Film Review: To Be Heard

This documentary about self-empowerment through a poetry-writing program in a rough South Bronx high school pulls us into the lives and struggles of three students who see the program as their only way up and out of a dreary life. They may be right.

Earnest and engaging though not compelling, To Be Heard tells the tale of three high-school students in one of the poorest sections of the South Bronx who bond during a special poetry program. Once we get a look at the lives of Karina, Pearl and Anthony, which the film adroitly shows at the start, we wonder how they get through the day, not to mention high school (University Heights High, on the campus of Bronx Community College).

Poverty and struggle are a given for all three. There are individual difficulties as well: being a mini-Mom to your six siblings (Karina); having an absent, jailed dad (Anthony); working a part-time job to help support your family (Pearl). But there are some remarkably caring instructors in the Power Writers program who take the kids into their own lives, and never let go, the premise being that writing and self-esteem are connected tools in a world in which all the cards are stacked against you.

True-to-life shots of a gritty urban reality are broken up by side trips to various bucolic sites and college campuses (instructor Amy takes the group), a kind of carrot before the horse. But the poetry slams—and getting the kids there—are the high points.

Thanks to Gabourey Sidibe and her Precious, it won’t sound insulting to say that from the get-go you know that the fat girl, Pearl, is going to be the only one to make it out of the Bronx, and on to Sarah Lawrence, no less, and its poetry program. Pearl shows us the self-improvement list in her bedroom, saying she always wanted to be a poet. Yet, and demonstrating the plight of young African-American men more than any statistics, it is actually Anthony who has the most talent, and a mesmerizing style: “Poetry is my get-out-of-jail card. It’s better than rehab.” He euphorically wins a poetry slam; credit the filmmakers for including the candid reaction shot of his hard-working single mother, pride and resentment mixed in, reminding us of her earlier remark that “it pisses me off that he’s just lazing around waiting for the next poetry slam.” The next time we see Anthony, he’s in criminal court.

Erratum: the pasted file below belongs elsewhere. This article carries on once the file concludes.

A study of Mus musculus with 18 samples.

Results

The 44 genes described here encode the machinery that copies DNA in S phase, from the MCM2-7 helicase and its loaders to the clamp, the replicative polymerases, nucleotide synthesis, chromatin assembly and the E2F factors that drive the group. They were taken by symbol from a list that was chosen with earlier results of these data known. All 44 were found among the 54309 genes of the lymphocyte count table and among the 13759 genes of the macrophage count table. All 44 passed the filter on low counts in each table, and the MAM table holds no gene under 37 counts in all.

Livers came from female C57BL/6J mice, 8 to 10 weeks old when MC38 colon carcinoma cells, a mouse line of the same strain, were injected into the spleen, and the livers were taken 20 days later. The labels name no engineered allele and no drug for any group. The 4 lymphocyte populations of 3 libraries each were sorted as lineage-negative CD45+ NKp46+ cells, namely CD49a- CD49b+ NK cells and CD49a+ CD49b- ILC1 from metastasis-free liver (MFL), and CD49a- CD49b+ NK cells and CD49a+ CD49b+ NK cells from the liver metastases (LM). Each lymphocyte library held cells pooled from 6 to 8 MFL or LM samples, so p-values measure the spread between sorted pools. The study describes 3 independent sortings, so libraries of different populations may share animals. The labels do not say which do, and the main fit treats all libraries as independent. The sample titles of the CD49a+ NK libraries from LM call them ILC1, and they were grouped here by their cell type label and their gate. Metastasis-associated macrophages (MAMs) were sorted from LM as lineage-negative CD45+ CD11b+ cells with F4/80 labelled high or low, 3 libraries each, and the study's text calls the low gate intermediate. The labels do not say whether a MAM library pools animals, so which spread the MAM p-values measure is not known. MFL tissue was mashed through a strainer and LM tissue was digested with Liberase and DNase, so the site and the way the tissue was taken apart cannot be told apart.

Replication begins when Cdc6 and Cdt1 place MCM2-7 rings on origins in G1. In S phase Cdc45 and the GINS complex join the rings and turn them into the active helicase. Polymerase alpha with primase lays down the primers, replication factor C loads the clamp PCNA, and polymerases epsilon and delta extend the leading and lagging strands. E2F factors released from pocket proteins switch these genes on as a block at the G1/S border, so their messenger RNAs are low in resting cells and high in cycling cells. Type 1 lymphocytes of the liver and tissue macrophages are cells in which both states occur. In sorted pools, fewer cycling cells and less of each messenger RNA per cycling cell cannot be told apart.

If To Be Heard is self-serving and subjective in spots, it can be forgiven because the Power Writers idea is a benevolent one. Three of the four directors are intimately connected with the project: Roland Legiardi-Laura and Amy Sultan are featured in the film, and Edwin Martinez is the son of the high-school guidance counselor. With collaborations like this, it’s hard to assign credit or blame, but it does seem fortunate that Academy Award-winner Deborah Shaffer (The Wobblies; Witness to War) was the fourth director. Press material explains that Legiardi-Laura, a poet and filmmaker, and Sultan, a former film festival director, are co-founders of Power Writers and connected to New York City’s Nuyorican Poets Café. But the film just drops them into the classroom without the identifying tags given to everyone else.

Winner of the Grand Jury Prize and Audience Award at the Doc NYC Film Festival, To Be Heard still leaves you with unanswered questions. Is the program part of the school’s regular curriculum? Is it funded, and if so, by whom? Who gets in (and who doesn’t)? And aside from a sly remark or two about nasty-tasting Gruyere cheese, we never find out how the kids feel about visiting the upscale Tribeca and Lower East Side lofts of, respectively, Amy and Roland.

So is there a connection between writing poetry and keeping kids off the streets? Maybe not a direct one, Amy admits at one point. Still, Roland admonishes his charges, “Every vocabulary word you miss is another bar in prison.” Inspirational without being preachy, To Be Heard is also definitely to be seen.